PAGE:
By Todd Stacy, Alabama Daily News
MONTGOMERY –The Alabama Legislature on Thursday gave final passage to a bill seeking to prevent a potential pitfall in the ethics law that state officials say could prevent Alabama from being considered for economic development projects.
HR317, the Alabama Jobs Enhancement Act, now goes to Governor Kay Ivey, who is expected to sign it into law.
The bill would exempt certain economic development professionals from being required to register as lobbyists with the Ethics Commission in order to approach the state about a potential industrial project. Requiring site selectors for the likes of Hyundai, Mercedes and Toyota-Mazda to register with the government and disclose their confidential clients would spook away potential projects.
The bill was revised multiple times and was subject to intense scrutiny from opponents who said it would create a loophole for monied interests in the ethics law. The bill’s Senate sponsor, Sen. Phil Williams made significant changes to the bill to satisfy concerns, including:
- limiting the exemption to the Executive Branch and, thus, requiring economic developers to register to lobby the Legislature;
- creating a “revolving door” statute to prohibit lawmakers or other public officials from seeking the lobbying exemption for two years after leaving state service; and
- setting a one-year expiration date on the measure so that the Legislature could take the matter up again next year when a larger ethics code update is expected.
Even after these revisions addressed concerns about accountability, critics in the Legislature and the media continued to characterize the bill as corrupt. That wasn’t enough to stop the legislation, which passed the House with 55 ayes, 22 nays and 22 abstentions.
Ivey thanked lawmakers for their work on the contentious bill and signaled she would sign it.
“The passage of House Bill 317 enables Alabama to remain on a level playing field with other states, as we compete for job creating capital investments. Our ability to attract highly sought after economic development projects is vital to ensure that Alabama continues to experience record-low unemployment. This legislation makes clear that we are committed to attracting world-class jobs for all Alabamians.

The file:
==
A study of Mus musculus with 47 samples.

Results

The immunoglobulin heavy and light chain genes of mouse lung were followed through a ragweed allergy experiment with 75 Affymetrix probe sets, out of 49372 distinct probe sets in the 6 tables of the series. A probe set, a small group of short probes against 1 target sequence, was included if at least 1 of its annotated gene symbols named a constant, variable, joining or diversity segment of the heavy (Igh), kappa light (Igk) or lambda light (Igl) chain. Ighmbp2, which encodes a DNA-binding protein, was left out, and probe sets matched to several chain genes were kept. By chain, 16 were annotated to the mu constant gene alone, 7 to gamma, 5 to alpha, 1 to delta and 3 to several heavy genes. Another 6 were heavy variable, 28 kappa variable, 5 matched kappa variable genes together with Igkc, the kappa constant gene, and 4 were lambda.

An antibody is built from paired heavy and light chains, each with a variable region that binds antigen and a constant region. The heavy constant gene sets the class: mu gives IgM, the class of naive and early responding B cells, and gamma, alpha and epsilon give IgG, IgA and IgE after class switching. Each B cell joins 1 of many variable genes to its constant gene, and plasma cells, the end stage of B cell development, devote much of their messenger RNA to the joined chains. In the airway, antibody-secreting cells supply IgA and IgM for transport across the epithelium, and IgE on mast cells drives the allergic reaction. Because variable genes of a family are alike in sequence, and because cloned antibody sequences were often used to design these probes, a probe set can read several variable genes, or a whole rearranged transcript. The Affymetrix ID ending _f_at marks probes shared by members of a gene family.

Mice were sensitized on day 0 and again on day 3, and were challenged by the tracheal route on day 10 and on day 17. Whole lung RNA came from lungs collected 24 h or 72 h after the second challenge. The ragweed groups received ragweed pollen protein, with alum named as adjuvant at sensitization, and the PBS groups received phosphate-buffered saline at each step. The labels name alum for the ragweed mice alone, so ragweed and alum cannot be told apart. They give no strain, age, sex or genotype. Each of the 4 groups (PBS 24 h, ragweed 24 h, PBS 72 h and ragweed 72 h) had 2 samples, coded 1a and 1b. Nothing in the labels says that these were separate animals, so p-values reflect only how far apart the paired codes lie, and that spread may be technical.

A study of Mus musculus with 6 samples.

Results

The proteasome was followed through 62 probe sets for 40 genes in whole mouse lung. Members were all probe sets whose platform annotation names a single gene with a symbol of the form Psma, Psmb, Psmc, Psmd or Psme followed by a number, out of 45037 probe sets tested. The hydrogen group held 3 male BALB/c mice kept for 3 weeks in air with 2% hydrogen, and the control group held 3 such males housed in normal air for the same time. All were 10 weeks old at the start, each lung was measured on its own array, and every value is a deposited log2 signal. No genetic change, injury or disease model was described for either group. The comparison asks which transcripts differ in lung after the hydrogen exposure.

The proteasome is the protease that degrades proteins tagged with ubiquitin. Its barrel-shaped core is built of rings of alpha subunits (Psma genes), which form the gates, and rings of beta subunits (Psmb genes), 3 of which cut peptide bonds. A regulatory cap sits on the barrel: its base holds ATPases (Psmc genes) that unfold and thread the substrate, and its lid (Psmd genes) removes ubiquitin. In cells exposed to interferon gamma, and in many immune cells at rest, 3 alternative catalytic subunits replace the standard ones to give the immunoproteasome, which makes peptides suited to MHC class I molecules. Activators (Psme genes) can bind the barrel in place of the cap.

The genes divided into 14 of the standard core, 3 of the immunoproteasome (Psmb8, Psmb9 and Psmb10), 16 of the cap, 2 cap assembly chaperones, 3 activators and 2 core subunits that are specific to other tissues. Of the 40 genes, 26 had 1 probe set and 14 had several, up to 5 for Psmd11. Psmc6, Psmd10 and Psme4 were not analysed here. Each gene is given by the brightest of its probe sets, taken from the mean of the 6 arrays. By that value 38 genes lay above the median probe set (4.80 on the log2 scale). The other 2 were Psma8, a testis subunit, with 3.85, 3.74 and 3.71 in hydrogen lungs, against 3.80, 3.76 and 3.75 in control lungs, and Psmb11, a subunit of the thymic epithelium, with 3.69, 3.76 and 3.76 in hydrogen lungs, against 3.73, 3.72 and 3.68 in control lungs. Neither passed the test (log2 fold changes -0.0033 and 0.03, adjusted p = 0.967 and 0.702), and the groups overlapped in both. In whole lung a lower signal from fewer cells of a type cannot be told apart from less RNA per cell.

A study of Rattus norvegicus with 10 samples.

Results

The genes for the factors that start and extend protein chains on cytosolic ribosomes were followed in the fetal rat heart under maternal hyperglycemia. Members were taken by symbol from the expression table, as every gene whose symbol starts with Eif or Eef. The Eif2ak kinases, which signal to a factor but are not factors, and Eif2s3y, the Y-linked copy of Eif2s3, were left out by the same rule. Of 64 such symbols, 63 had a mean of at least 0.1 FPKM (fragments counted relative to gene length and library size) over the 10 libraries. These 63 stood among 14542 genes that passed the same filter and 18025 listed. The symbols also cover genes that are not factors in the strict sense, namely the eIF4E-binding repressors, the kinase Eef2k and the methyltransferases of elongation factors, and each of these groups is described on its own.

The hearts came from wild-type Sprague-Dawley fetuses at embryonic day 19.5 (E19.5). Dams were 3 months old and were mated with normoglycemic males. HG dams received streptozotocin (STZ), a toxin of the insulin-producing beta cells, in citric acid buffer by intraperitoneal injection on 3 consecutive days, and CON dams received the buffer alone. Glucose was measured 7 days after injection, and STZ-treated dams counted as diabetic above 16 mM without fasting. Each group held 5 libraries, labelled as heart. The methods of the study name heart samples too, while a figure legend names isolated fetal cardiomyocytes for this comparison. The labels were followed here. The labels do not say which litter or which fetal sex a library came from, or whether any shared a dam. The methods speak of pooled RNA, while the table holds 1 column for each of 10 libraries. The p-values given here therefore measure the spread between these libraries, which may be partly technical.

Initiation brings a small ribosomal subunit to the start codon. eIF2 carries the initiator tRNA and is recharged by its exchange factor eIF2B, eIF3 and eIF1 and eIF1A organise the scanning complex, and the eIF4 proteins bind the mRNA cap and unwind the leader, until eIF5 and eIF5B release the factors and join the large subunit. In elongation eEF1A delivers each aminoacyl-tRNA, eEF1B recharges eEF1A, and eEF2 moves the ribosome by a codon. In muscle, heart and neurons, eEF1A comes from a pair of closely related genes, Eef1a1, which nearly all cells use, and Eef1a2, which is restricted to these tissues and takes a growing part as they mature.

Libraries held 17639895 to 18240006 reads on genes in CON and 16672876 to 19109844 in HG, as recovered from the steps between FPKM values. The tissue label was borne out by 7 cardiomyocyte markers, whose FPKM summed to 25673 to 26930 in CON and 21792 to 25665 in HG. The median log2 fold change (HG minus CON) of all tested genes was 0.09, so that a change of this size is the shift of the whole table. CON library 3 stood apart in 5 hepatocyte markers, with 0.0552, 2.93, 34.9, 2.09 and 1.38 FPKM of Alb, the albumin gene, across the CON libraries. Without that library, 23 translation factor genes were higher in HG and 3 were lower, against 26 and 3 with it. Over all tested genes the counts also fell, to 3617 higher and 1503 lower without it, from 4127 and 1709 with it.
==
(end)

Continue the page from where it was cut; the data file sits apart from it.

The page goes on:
“I appreciate the work of the entire legislature in passing this bill. I am especially thankful to Senate President Pro Tem Del Marsh, House Speaker Mac McCutcheon, Senator Phil Williams and Representative Ken Johnson for their leadership in ensuring the strength of our ethics laws, while keeping Alabama’s doors open for business recruitment and new jobs.”
At issue is a looming Ethics Commission ruling that would require those in the economic development community to register as lobbyists. The 2010 ethics code overhaul for the first time required those seeking contracts from the Executive Branch to register as lobbyists, but until recently few believed that applied to site selectors and chamber of commerce officials who approach the Department of Commerce about a potential project.
Asking site selectors, who seek out potential locations for the likes of Hyundai and Mazda-Toyota, to register with the state and disclose their confidential clients would cause them to stop considering Alabama for major projects, bill supporters said. In August 2017, the Commission elected to delay a ruling on the issue to give the Legislature time to clarify the law and avoid losing ground in industrial recruiting.
The Department of Commerce’s solution was HB317, which would allow certain economic development professionals like site selectors and local chamber or commerce employees to avoid registering as lobbyists in order to approach the state about a potential industrial project.
As can be the case in an election year, passage of HB317 quickly became political. One of Ivey’s potential Democratic opponents for governor attempted to make the bill a campaign issue before it even passed.
Tuscaloosa Mayor Walt Maddox called on Ivey to veto the bill saying “If she does not reject this attempt to further weaken accountability, it will reinforce Alabama’s standing as one of the most corrupt states in the Union.”
The issue cold also surface in the Attorney General’s race, where candidate Alice Martin has been critical of the bill. Current Attorney General Steve Marshall intervened to halt the bill after it passed the House the first time, insisting on changes recommended by prosecutors in his public corruption unit to tighten the ethical standards.
Efforts to reach Ethics Commission Director Tom Albritton to ask his views on the updated legislation were unsuccessful.